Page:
Huddled behind the hide at the far end of Sandfly Bay, we shelter from winds whipping sand across the dunes. The sun is yet to break as we wait for yellow-eyed penguins to make their way from the headland to the rocks below. It’s a perilous journey from forest nests to ocean feeding grounds, and I wonder why a penguin makes this long trek across farmland each day. But it hasn’t always been this way.
Millions of years ago, these solitary penguins enjoyed the cool sanctuary of a forest canopy that stretched the length of the east coast of New Zealand’s South Island. To survive in icy seas, yellow-eyed penguins are insulated by fat, but on land they need protection from the summer heat. Ancient hardwood forests once provided weatherproof nest sites and protected chicks against seabird attack. With no predators stealing their eggs and chicks, these native penguins flourished in a forested paradise.
I held a tiny hope we might be watching penguins alone. I hoped the half-hearted would be put off by the early start and the hike across farmland and down steep dunes to a game of British bulldog on the beach as we dodged Hooker’s sea lions, magnificent but wild. It’s mid-summer, but the wind is bracing.
Inside the small hide, people are sitting on benches and standing behind. Sheltered it may be, but it isn’t for me! I like to be free to shout out with excitement. Outside, the rising sun strokes the sky with pinks and peaches as I look through my binoculars, sharp-eyed and hopeful.
I wonder if we’ll be lucky enough to see one of the rarest penguins in the world. I think about the adult penguins vulnerable to dog attacks and heat stress as they cross open pasture. Early settlers burned coastal forest for farmland, forcing these native penguins inland. Adults, eggs and chicks became easy prey for the dogs, cats and stoats the settlers brought with them.
There! A penguin! At least I think it is. The Department of Conservation hide is a safe distance from the penguins’ path because tourists can easily disturb these shy birds caring for their young. Look! I can see more penguins!
In the ethereal light, I watch penguins resplendent in yellow crowns start their steep descent. Leaning forwards over their pink feet and jumping down the craggy slope, I can’t take my eyes off them. I’m willing them to stay safe. At six weeks old, fast-growing chicks are left alone in twiggy nests while both parents go to sea. If they don’t come back, their chicks will starve. We watch this feat of endurance for almost an hour, knowing these birds will have an even tougher climb when they return.
Penguins gather on the rocks below waiting for the morning light. Waves break over the rocks, licking, foaming and teasing. I can hear the penguins calling out, heads thrown back. Their Maori name is hoiho or ‘noise shouter’. I could listen to their trilling forever.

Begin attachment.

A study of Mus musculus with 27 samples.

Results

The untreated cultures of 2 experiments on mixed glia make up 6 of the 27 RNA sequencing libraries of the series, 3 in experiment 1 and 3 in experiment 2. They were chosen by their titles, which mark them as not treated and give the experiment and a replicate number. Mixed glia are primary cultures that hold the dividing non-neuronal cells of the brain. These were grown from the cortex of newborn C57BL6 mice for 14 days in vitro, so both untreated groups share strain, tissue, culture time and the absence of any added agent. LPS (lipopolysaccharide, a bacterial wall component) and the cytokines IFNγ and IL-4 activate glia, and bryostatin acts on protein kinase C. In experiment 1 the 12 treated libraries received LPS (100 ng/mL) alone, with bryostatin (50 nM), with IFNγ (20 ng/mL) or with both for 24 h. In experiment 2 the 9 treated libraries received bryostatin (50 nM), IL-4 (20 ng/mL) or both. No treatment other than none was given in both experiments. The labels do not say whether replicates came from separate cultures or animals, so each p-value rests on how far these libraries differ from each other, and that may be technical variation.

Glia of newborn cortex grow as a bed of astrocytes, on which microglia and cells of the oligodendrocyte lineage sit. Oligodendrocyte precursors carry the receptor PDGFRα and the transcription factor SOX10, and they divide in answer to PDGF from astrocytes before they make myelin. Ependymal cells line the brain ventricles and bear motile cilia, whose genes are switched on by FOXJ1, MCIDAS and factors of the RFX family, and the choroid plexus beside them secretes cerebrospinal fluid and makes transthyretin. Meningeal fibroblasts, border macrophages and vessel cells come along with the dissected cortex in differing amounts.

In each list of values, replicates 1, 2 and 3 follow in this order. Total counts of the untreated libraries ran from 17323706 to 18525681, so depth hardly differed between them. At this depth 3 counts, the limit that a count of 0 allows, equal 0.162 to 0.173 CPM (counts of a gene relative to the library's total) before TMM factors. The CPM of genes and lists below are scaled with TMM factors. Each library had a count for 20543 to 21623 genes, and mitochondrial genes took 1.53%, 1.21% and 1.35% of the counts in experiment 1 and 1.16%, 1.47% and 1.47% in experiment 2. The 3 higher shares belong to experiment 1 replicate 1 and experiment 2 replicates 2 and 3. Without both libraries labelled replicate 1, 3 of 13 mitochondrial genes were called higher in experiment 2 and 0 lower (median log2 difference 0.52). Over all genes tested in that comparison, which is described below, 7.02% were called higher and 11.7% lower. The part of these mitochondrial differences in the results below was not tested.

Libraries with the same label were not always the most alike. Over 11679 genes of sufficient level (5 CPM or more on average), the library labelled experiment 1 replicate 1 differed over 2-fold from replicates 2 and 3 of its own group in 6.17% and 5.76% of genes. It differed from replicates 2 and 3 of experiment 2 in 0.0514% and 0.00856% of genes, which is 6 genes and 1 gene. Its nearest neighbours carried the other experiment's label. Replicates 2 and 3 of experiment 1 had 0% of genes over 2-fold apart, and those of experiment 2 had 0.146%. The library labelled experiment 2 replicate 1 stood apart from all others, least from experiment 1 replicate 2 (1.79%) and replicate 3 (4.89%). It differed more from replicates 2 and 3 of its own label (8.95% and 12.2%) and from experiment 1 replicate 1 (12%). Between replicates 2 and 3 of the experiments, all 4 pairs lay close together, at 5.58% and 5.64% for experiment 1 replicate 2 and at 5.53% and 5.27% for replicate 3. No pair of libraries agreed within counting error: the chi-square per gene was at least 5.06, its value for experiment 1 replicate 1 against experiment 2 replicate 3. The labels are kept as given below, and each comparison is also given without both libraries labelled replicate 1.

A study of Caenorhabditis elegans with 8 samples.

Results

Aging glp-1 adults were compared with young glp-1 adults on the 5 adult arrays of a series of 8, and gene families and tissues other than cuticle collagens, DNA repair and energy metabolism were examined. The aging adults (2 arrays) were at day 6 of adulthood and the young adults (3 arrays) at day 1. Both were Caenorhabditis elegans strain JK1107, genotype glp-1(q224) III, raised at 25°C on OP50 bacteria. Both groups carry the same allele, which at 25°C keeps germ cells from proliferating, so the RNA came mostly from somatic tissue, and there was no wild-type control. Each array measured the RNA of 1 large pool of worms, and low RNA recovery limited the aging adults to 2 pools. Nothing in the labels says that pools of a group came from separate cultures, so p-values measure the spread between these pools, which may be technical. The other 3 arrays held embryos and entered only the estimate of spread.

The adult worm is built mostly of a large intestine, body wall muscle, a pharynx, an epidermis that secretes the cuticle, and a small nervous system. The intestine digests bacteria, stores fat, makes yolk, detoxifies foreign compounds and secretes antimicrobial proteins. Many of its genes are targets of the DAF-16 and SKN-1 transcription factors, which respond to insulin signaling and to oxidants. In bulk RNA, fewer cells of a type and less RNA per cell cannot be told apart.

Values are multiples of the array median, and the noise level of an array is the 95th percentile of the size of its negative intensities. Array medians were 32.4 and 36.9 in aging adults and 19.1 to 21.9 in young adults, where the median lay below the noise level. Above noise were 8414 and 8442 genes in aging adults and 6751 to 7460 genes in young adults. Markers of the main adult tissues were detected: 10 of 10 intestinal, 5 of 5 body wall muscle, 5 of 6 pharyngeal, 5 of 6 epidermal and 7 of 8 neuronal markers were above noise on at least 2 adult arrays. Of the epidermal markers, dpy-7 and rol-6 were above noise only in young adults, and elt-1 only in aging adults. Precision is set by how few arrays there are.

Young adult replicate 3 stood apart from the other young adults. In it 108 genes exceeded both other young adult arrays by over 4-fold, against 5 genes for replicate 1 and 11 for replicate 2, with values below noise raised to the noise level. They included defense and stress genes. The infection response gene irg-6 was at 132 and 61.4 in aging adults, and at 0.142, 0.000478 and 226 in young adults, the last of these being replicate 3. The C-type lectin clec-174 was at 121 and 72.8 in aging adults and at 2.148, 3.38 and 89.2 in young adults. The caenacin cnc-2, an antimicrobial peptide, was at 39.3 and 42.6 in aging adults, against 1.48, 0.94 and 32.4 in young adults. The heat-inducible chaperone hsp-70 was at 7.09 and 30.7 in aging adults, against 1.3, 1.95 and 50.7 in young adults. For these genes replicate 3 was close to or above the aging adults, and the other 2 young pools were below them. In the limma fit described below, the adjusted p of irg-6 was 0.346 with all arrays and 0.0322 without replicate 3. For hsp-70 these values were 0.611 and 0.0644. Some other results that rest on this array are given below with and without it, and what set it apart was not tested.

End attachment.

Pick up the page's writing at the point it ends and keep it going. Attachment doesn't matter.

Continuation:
One by one, these two-foot tall penguins dive from the rocky shelf. They travel up to 25 km and dive to depths of 150 m in search of small fish and squid, sometimes diving 200 times a day. But this endangered Red List species lives on the brink, battling fisheries, pollution, climate change, predators, and selfie-seeking tourists.
The last of the penguins gone, I take in the glinting ocean frothing up surf on golden sand that stretches to dunes dancing with marram grass. On this remote beach on the Otago Peninsula, I feel nature’s wildness and resilience. I’m in awe of the yellow-eyed penguin. I think about the chicks waiting. I want these birds to survive. Just because.
In the lazy heat of the afternoon, we hurry through camouflaged trenches connecting hides as we follow a solitary penguin from shore to dunes. At Penguin Place now, we watch unseen as the penguin greets its hungry chick. I’m spellbound and silent. They’re so close I don’t need binoculars. I don’t want to forget this moment. I don’t want to forget this penguin with pale yellow eyes, white chest, and slate-blue back and tail.
The brown downy chick with pot belly rushes forwards, its beak wide open to receive the fishy soup. Hoiho are devoted parents. At three to four months old chicks moult into their waterproof plumage. With fewer than 20 per cent surviving to juvenile maturity, this remarkable penguin could be lost from the mainland. Private conservation reserves like this are crucial.
The single trail of penguin footprints across the sand is poignant. Each day, a yellow-eyed penguin may not come back. I think about how incredible nature is and how finely balanced. I’m inspired to understand more about our impact on wildlife and how we can live responsibly with nature in mind.
Image credits: David Brighten.
Originally published on Terra Incognita. Finalist in the Wildlife Blogger of the Year 2018 award. Published in their book, Wildlife Blogger of the Year 2018, a collection of 70 wildlife encounter stories from around the world edited by Kristi Foster and Nick Askew.
“Tracy’s blog provides both a personal perspective of seeing yellow-eyed penguins and the bigger picture of why this species is so vulnerable. It is an animal we rarely hear about (despite its fellow species in Antarctica and South Africa being featured much more on TV and in magazines). Tracy narrates a good mix of reality, natural history and personal feelings which by the end makes it an interesting and thought-provoking piece.”
– Ed Drewitt of ‘The jewel in the crown: New Zealand’s yellow-eyed penguin’ by Tracy Brighten.
If you’re interested to know more about New Zealand’s yellow-eyed penguin, you might like to read World’s rarest penguin suffers disease, starvation, and selfies.